If people aren't cocooning already, the upcoming dark, cold months and reduced post-holiday budgets will conspire to keep folks inside. In the interest of increased home-video consumption, here's a recap of some of my favorite films of the year, including edifying features and smaller films you likely never saw an ad for. Schadenfreude never goes out of season, so there's also a list of some of this year's worst. That's one of life's miracles: A stinker movie that is interminable in the theaters is a laugh-a-minute delight at home, surrounded by friends and empties.
Films I Thought I'd Hate But Didn't
How She Move. Not another movie about an underprivileged teen who turns street moves into success! But this Canadian low-budget charmer about a girl torn between academics and step-dance put a fresh spin on a tired genre.
The Bank Job. Starring Jason Statham, so of course I expected a stone-faced hero/villain and lots of explosions. But this bank-heist caper, set in 1971 London, is all low-tech fun: cheery banter, a puzzle of subplots and great moustaches.
WALL*E. I dreaded seeing this film: Disney + cute + toys = a triple-hit of corporately driven over-consumption. Imagine my surprise to find that very evil under attack in WALL*E's unexpected second half! And WALL*E ... sigh. I'm not ashamed to admit that lonely little trash-compactor -- so wonderfully animated -- won my heart.
Taxi to the Dark Side. Yeah, Bush is this close to gone, but Alex Gibney's devastating documentary about how the U.S. lost its soul in Afghanistan, Iraq and at home, is a potent reminder of much damage his administration wreaked. Infuriating, as it should be.
4 Months, 3 Weeks and 2 Days. This spare drama pulls few punches as it recounts the attempt of two students to procure an illegal abortion in 1980s Romania. Long, unsettling takes; dreary settings; unflinching and unsentimental -- Cristian Mungiu's film illuminates the no-man's-land between the public and the private in Ceausescu's Romania.
Man on Wire. Exhilarating portrait of Philippe Petit, who wire-walked between the World Trade Center towers in 1974; bittersweet portrait of a now-gone iconic structure, and the last gasp of artistic public spectacle, before we got all lawyered up.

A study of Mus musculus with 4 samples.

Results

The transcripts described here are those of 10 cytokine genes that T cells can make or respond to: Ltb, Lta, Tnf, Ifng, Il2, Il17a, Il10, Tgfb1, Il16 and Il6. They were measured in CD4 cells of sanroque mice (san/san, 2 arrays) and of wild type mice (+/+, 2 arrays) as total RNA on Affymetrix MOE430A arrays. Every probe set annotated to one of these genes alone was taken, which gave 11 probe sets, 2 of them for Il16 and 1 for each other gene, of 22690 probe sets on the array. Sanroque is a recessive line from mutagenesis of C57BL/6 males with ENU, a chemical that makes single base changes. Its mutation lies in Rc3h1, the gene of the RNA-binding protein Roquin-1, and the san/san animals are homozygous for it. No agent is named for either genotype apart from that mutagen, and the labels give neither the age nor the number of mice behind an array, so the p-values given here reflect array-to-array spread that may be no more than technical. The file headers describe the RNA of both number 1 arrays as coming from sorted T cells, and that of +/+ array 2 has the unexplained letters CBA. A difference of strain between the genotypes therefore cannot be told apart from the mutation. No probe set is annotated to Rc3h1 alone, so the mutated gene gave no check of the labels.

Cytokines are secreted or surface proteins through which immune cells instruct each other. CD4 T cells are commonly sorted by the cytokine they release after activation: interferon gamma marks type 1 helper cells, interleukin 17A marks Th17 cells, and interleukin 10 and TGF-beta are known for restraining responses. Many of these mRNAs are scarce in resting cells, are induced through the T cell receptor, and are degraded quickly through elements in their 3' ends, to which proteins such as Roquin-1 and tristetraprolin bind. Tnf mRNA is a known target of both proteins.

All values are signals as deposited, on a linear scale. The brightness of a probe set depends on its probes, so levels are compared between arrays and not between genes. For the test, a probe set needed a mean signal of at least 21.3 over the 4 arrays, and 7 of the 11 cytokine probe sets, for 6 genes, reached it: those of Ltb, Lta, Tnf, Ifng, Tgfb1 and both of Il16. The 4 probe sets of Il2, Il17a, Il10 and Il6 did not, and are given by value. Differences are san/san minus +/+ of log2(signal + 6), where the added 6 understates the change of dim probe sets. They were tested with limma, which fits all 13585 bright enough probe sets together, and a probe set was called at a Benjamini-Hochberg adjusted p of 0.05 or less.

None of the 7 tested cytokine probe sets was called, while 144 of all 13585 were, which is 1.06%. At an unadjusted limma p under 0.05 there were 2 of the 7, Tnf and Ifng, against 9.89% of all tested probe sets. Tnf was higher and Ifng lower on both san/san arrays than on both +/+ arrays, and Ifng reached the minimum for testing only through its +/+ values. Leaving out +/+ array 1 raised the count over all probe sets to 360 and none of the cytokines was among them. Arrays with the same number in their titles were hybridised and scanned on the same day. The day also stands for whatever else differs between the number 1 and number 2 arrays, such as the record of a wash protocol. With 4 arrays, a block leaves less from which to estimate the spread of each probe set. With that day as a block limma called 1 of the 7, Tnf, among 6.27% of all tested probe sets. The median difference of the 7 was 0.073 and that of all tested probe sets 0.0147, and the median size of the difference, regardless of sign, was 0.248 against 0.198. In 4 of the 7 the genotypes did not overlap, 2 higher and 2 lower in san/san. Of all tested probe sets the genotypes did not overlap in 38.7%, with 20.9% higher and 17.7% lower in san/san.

- Gonzo: The Life and Work of Dr. Hunter S. Thompson
Gonzo: The Life and Work of Dr. Hunter S. Thompson: Yeah, it was a hagiography, but Alex Gibney's docu-portrait of the late free-wheelin', no-bullshit journalist made me wish today's complicit, complacent media would just go nuts.
- The Visitor
The Visitor. Richard Jenkins shines as the buttoned-up professor who checks back into life after meeting some illegal immigrants.
Reprise. Tall, beautiful Norwegians have trouble converting adolescent self-absorption into successful adulthood in this stylish dramedy.
At the Edge of Heaven. Generations and cultures intersect in surprising ways in this non-linear drama set in Germany and Turkey.
Starting Out in the Evening. Frank Langella deserves props for his current turn in Frost/Nixon, but he's also fantastic in this small-scale drama about a reinvigorated aging novelist.
OSS 117. This wry French comedy is mid-century spy-spoof, with nods to the consequences of the West meddling in the Middle East.
In Search of a Midnight Kiss. Indie feature about two loners who hang out on New Year's Eve, and -- in a rare depiction -- walk around Los Angeles' old downtown.
Happy-Go-Lucky. An upbeat film from the often downbeat Mike Leigh; the driving-lesson scenes will forever change how you think of your rear-view mirrors.
Those Hazy, Lazy Days
The summer popcorn season was better than average -- or was it just that I spent a lot of it lulled by prescription cough syrup? There was: decent action blockbusters with the upbeat Iron Man and the downbeat Dark Knight; an irony-free ABBA sing-along, Mamma Mia (not one of my faves, but I knew it'd be a hit); Harold and Kumar Escape From Guantanamo Bay (at last, the lighter side of the War on Terror); the kinetic eye-candy of Wanted; the goofy doobie-brothers movie Pineapple Express; and the Re-incarnation of Robert Downey Jr. Part II in Tropic Thunder.
Worst in Their Class
Understandably, the studios often don't do advance screenings of movies that stand little chance of netting any decent reviews -- What's up, Saw V? -- so some of the worst films go unnoticed. But plenty of turkeys flap noisily into theaters hoping to be winners, and of the films I saw, these were my picks. Peruse at your own discretion.
Twisty Crime Thriller: An Al Pacino double-header tie: 88 Minutes and Righteous Kill
Wacky Rom-Com: What Happens in Vegas should have stayed there.
Sci-Fi Dud: Much-hyped The Happening just wasn't. Not to be screened with houseplants present.
Technology Freak-Out J-Horror Remake: One Missed Call was a wrong number.
Torture Porn Goes Mainstream: Untraceable was often unwatchable.
- Love Guru
Vanity Project: Mike Myers is The Love Guru.
Chick Flick: The Women whine and go shopping.
Comics: Max Payne, we hardly knew ye.
Misguided A-List Project: Will Smith will survive losing Seven Pounds.